Credit reporting regime finally moves


Denham Sadler
Senior Reporter

Labor will attempt to amend legislation paving the way for a mandatory credit reporting regime in the Senate after it finally passed through the lower house, nearly two and a half years after the scheme was first announced.

Legislation introducing mandatory credit reporting in Australia, which would require the major banks to provide credit information and active consumer credit accounts to eligible reporting bodies and FinTechs with permission, was debated and passed by the House of Representatives on Wednesday afternoon.

It was supported by the Opposition, but a number of amendments will be moved when it appears before the Senate.

Mandatory credit reporting was first announced by then-Treasurer Scott Morrison in late 2017. It was pitched as a boon for FinTechs and a way to give consumers more power over their own data. But the legislation was left stranded in Parliament in the lead-up to last year’s federal election, and wasn’t reintroduced until December.

Street crossing, Generic, Asia
FinTech boon from credit reporting data

Under the scheme, banks will have to provide positive credit data, like how many accounts have been opened, credit limits and monthly repayments in order to give a “more balanced reflection of credit history”.

It is hugely beneficial for the local FinTech sector, providing new opportunities and helping to level the playing field with the bigger banks. It lets FinTechs get a better picture of the risk profiles of potential customers, and enable them to offer more accurate risk-based pricing.

If passed, the mandatory comprehensive credit reporting regime would launch from April, with credit providers being unable to refuse to provide further credit or reduce a credit limit due to a consumer’s financial hardship information.

A review of the regime will be undertaken and completed by October 2023.

Shadow assistant treasurer Stephen Jones said in Parliament that Labor’s amendments in the Senate would include a clause requiring banks to allow individuals to access a copy of their credit information for free once every 10 days, for derived or generated credit scores to be disclosed to individuals, for individuals to receive statements summarising the key determinants of their credit score and for the Australian Information Commissioner to create rules in relation to these proposals.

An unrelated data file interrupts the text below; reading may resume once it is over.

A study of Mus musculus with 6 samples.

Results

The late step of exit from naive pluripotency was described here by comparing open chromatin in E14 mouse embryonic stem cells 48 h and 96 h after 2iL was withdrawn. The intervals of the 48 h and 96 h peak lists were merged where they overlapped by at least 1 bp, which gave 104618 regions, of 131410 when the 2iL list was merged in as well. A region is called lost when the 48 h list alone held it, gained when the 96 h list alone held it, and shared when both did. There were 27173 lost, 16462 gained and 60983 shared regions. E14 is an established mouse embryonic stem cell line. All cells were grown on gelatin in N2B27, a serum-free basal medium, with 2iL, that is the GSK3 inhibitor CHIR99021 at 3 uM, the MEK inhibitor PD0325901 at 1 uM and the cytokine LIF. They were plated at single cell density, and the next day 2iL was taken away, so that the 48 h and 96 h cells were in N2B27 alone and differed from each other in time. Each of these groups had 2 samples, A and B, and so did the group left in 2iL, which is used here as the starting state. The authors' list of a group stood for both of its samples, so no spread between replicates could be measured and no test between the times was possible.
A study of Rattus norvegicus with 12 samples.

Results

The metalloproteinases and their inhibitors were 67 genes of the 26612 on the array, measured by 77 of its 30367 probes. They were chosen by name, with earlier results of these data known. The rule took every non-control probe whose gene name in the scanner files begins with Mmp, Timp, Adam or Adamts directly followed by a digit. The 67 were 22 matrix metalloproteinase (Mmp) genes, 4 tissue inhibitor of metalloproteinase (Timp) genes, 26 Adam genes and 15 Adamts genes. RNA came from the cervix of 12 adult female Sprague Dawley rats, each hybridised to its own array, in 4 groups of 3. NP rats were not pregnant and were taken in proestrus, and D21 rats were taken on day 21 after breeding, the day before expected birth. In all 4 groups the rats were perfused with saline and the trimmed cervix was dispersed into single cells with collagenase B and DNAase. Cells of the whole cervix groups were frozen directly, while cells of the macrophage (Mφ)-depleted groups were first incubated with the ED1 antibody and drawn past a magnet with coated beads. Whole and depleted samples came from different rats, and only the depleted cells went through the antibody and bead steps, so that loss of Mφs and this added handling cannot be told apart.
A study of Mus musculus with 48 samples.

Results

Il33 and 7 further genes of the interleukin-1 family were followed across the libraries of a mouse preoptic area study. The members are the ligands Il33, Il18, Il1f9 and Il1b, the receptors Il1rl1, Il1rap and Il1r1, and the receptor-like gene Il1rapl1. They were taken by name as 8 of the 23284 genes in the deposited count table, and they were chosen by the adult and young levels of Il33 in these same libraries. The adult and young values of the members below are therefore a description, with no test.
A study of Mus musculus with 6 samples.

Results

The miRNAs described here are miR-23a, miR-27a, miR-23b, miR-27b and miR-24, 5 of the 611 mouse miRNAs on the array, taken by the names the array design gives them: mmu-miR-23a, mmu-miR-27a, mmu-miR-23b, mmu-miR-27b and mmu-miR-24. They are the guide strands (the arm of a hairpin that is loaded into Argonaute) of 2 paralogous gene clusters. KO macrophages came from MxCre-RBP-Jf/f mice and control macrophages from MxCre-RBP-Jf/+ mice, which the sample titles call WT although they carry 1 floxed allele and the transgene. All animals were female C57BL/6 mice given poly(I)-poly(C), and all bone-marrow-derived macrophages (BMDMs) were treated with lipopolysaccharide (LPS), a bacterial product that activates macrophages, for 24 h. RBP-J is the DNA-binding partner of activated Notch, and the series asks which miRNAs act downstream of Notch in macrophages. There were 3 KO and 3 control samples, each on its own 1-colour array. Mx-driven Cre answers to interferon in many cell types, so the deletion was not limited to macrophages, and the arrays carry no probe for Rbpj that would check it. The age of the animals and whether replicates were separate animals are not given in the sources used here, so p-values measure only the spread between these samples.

“We support the general thrust of what is being proposed here but it is almost certain we will be moving some amendments in the other place,” Mr Jones said.

“Labor believes that there is a need to ensure that the current credit reporting arrangements allow for a more frequent and more detailed access to the information on behalf of consumers. We want to ensure that consumers are able to have access to the information that relates to them.

“These are propositions which are strongly supported by consumer advocates. Similar provisions currently exist in New Zealand and we don’t believe that on the information available to us they’ll impose any significant new costs on the credit reporting industry and will provide additional rights to consumers and competition benefits to the industry as well.”

Centre Alliance MP Rebecca Sharkie unsuccessfully moved an amendment focused on consumer rights concerns. It called on hardship information on credit reports to not be retained for 12 months as this was “unfair and will discourage people from seeking help from credit providers”.

“This bill may encourage people to seek out riskier forms of credit, such as high-cost payday loans that are trapping Australians in a cycle of debt,” Ms Sharkie said.

The amendment was voted down on voices alone, as the credit reporting legislation passed by the lower house.

Treasury ran consultations on the latest iteration of the legislation in August last year but is yet to release any submissions it received.